It seems people don’t have any qualms about NSA spying on them, or at the very least when the surveillance is done covertly. If it’s done openly, however, they can’t dial 9-11 on their phones fast enough.
This video from Photography is Not a Crime filmed in Arizona shows people getting visibly upset by these photographers for possibly filming them. In some cases, they aren’t even being filmed, yet they confront the videographers and photographers and call the police on them.
Let’s just get this out there right now: if it were me I would not have gone about it in this way, but that really isn’t the point. either. People’s intense and immediate reaction to the camera is fascinating when you compare it to how they react to being spied on by their government, which is infinitely more harmful and potentially destructive to their lives.
Some may call these people paranoid, to which others might argue that these men behaved suspiciously.
“They don’t know what the photographers are going to do with the film or why they’re filming! They could be criminals stalking them.”
Ok. Fair enough.
Just out of curiosity, though, where is this outrage against the government when they spy on you?
Let’s put things in perspective. These gentlemen aren’t prying into your personal life. They aren’t obtaining your name, address, cell phone number, bank account, Social Security number, phone records, Internet history, or anything else.
The federal government does all of this.
Why aren’t you throwing a hissy fit with them or interrogating them for why they’re spying on you or violating your rights? Why don’t you feel violated when the NSA stores private data at their facilities.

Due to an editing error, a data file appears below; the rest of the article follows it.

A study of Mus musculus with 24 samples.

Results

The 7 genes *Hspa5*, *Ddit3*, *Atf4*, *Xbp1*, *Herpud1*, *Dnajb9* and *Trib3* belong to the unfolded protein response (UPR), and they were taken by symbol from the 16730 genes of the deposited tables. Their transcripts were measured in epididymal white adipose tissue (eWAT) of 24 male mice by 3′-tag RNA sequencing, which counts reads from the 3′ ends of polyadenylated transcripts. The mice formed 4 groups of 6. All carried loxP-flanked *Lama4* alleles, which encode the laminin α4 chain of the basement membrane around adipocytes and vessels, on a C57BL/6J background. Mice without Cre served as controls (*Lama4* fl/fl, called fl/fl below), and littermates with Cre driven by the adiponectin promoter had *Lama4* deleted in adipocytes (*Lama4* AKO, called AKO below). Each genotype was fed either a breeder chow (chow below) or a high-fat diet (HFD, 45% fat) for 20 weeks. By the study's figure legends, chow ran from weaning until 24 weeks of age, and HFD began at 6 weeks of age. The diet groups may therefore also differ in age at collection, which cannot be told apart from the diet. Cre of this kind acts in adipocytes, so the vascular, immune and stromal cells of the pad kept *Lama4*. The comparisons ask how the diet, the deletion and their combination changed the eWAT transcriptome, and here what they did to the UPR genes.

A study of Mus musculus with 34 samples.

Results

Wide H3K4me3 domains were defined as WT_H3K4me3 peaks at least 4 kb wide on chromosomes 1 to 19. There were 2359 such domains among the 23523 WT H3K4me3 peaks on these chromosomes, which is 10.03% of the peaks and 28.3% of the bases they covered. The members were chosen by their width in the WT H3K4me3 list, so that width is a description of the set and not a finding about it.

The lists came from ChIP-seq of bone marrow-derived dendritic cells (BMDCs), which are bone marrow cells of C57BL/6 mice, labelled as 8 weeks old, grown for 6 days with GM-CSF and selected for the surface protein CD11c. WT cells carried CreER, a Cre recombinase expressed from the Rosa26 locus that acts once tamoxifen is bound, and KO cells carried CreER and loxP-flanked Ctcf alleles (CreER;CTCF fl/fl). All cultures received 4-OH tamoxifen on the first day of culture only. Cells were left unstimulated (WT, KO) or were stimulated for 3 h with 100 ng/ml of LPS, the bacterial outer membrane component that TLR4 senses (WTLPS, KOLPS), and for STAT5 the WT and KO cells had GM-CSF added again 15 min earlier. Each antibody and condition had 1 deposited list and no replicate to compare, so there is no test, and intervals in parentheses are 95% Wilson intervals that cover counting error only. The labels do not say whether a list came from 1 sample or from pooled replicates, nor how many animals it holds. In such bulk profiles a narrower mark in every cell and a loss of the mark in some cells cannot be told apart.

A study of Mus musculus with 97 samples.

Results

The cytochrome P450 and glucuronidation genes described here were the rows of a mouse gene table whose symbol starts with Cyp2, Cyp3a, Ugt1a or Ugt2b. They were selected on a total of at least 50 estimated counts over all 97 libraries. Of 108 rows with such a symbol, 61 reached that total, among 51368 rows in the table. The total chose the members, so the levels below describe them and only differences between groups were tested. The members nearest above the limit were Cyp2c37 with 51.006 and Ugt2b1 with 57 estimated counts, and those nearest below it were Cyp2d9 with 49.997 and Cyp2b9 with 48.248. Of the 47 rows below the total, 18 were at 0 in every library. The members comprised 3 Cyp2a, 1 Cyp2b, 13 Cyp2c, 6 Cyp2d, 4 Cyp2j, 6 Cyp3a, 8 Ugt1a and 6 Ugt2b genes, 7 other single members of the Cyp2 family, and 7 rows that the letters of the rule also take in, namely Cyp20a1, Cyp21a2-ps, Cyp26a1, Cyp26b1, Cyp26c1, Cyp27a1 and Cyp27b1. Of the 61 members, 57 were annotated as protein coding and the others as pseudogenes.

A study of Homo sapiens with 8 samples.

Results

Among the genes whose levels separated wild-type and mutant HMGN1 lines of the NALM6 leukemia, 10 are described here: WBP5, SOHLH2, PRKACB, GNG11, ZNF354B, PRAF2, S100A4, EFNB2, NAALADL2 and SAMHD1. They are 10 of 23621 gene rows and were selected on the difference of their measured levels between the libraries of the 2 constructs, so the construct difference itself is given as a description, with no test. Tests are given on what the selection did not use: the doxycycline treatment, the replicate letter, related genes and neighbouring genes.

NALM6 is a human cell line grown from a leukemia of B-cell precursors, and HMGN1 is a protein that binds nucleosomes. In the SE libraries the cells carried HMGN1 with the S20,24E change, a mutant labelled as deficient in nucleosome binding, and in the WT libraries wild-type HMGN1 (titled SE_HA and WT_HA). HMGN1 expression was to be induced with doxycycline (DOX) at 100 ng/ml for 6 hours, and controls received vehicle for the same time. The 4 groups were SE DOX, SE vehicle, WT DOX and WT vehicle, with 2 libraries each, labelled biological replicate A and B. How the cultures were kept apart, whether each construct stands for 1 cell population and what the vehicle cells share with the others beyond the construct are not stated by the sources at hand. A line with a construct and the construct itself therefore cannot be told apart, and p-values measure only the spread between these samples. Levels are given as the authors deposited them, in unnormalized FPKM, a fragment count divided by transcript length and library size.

Oh, that’s right. The government spies on you for your own good. They’re doing it to keep you safe.
You know who else uses that argument?
Stalkers, kidnappers, and control freaks.
In the 2004 film The Aviator, Howard Hughes bugs Ava Gardner’s home and insists it’s for her own protection (he also says with a straight face he doesn’t exactly listen to her phone calls: I just the transcripts, that’s all!”).
Her reply: The only one I need protection from is you!
How many of these people who didn’t like being filmed are the same people who turn around and argue “If you’ve done nothing wrong you’ve got nothing to hide” when they hear about government spying or insist that being cavity-searched by the TSA at the airport will prevent terrorists from taking over a plane?
No, I don’t have a poll or survey result in my hand, but I think the point is obvious. However many it is, it’s too many.
I can’t recall who described this behavior as a quasi form of Stockholm Syndrome, but whoever said it was onto something. When people get confrontational with others for merely photographing in public but then react nonchalantly or defensively when they learn their government is monitoring them, what you have is the same kind of situation where a woman or man refuse to leave an abusive relationship and justifies their abuser’s actions – actions they do not tolerate when other people do it – because they’ve convinced themselves this person actually cares about them and somehow it’s acceptable.
If only two percent of the American population got this enraged at the NSA spying on us then the entire agency would have been shut down yesterday.
Speaking of which, you can support the Tenth Amendment Center’s efforts to do just that by turning their water supply off.